Culling Rates Higher than a Year Ago

 High slaughter rates could curtail milk production growth in 2023.
High slaughter rates could curtail milk production growth in 2023.
(Taylor Leach)

Culling cows appears to be one way dairy producers have been dealing with negative margins, which allows them to manage cash flows and pay bills, said Sarina Sharp, analyst with the Daily Dairy Report.

For the week ending January 28, dairy cow slaughter exceeded 68,000 head, one of the biggest cull numbers ever for late January and comparable to only 2021 and the mid-1980s, when the government offered herd buyouts. Late January slaughter rates were 7% higher than the comparable week in 2022. For the first four weeks of 2023, Sharp noted that nearly 273,000 dairy cows were slaughtered, the most in over 35 years.

January 2023’s dairy cow slaughter was 600 head more than in 2021, when the U.S. milk cow herd stood at 9.45 million head. That year, the herd was on its way to becoming the largest herd in 25 years at more than 9.5 million cows.

Culling this past January happened much faster than it did in 2021, Sharp said. In December, there were 9.4 million milk cows in the U.S. dairy herd, which was smaller than the ballooning herd of 2021, she noted. According to USDA’s latest Milk Production report, month-to-month milk cow numbers in January grew by 9,000 head to 9.405 million, which was 38,000 head larger than the previous year.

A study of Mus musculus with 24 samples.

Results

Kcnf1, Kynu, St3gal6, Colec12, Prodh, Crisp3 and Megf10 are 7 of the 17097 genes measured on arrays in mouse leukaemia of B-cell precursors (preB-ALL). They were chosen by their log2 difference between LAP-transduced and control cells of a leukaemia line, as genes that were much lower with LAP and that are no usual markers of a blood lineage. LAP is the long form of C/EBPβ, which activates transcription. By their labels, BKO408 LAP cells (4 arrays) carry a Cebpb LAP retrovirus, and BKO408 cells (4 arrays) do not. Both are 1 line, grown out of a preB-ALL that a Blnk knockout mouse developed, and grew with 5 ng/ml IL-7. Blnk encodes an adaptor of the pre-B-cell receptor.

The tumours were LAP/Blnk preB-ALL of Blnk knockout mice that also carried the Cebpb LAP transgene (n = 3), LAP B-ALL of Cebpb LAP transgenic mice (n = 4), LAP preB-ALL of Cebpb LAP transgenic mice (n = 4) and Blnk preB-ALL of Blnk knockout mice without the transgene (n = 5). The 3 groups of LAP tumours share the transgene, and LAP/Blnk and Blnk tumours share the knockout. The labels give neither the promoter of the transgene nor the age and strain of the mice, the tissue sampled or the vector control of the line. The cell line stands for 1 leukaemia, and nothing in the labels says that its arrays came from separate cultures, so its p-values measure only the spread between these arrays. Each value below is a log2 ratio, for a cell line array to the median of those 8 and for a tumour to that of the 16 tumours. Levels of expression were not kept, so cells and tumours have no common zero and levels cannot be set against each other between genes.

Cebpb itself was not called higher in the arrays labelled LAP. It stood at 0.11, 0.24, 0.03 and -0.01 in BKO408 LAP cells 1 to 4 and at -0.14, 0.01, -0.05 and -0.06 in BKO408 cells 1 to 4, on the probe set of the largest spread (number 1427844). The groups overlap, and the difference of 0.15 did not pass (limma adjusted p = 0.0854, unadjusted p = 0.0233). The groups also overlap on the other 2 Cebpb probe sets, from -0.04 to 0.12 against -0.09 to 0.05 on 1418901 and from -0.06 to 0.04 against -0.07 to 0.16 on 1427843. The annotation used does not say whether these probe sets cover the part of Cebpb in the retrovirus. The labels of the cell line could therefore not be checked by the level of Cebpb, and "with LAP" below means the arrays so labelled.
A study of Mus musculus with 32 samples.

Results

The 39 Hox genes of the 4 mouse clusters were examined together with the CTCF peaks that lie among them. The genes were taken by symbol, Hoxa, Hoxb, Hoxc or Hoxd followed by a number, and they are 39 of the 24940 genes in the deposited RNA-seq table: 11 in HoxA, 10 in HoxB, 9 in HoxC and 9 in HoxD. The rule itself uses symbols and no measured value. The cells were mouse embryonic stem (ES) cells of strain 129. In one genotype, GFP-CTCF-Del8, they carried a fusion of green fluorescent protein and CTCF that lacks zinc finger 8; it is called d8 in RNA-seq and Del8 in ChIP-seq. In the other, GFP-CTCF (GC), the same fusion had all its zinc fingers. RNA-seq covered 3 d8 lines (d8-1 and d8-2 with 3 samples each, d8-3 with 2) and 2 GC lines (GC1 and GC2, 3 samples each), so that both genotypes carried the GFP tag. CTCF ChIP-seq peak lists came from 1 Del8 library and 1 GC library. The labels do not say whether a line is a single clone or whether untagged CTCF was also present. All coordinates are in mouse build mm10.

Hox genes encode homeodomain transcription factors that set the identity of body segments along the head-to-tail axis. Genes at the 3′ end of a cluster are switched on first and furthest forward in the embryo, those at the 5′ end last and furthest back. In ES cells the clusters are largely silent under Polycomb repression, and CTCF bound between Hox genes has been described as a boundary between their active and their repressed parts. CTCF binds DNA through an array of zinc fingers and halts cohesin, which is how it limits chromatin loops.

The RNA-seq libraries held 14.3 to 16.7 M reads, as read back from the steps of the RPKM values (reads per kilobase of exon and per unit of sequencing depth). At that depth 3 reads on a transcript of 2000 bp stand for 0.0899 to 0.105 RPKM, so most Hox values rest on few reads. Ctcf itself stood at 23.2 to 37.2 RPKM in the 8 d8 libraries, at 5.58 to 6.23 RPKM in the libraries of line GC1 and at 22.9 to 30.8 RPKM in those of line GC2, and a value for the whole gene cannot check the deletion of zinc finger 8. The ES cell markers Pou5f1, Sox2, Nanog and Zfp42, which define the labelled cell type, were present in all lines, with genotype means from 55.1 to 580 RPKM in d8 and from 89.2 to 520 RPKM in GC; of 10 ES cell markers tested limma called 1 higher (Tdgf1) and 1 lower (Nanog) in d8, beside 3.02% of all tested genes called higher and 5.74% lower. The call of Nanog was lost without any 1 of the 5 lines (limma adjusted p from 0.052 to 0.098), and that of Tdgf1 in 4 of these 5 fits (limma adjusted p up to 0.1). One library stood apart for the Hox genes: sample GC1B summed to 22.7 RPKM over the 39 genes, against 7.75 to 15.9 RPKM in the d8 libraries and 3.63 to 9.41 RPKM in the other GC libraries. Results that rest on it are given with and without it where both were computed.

“The high slaughter rate means that the U.S. milk herd is unlikely to grow quickly in 2023,” Sharp said. “While milk production could increase modestly, the primary driver behind the growth will be increased milk yields.”

Mild winter weather in January, for the most part, has boosted milk production throughout the Upper Midwest. Dairy Market News recently reported that spot loads of milk were being sold for a $10 per hundredweight under the Class III price.

“A discount that large indicates that excess milk is readily available and processing plants are at capacity,” Sharp noted. “Domestic and international demand has been weaker since the end of 2022, and weaker demand is the culprit behind lower milk prices.”

Slowing milk production gains should help temper some of the downward pressure on dairy prices, according to Sharp, but even with January’s near record-high cull rates, the milk supply is still growing, while demand is only steady to lower.

“Price recovery for dairy producers could still be months away,” she concluded.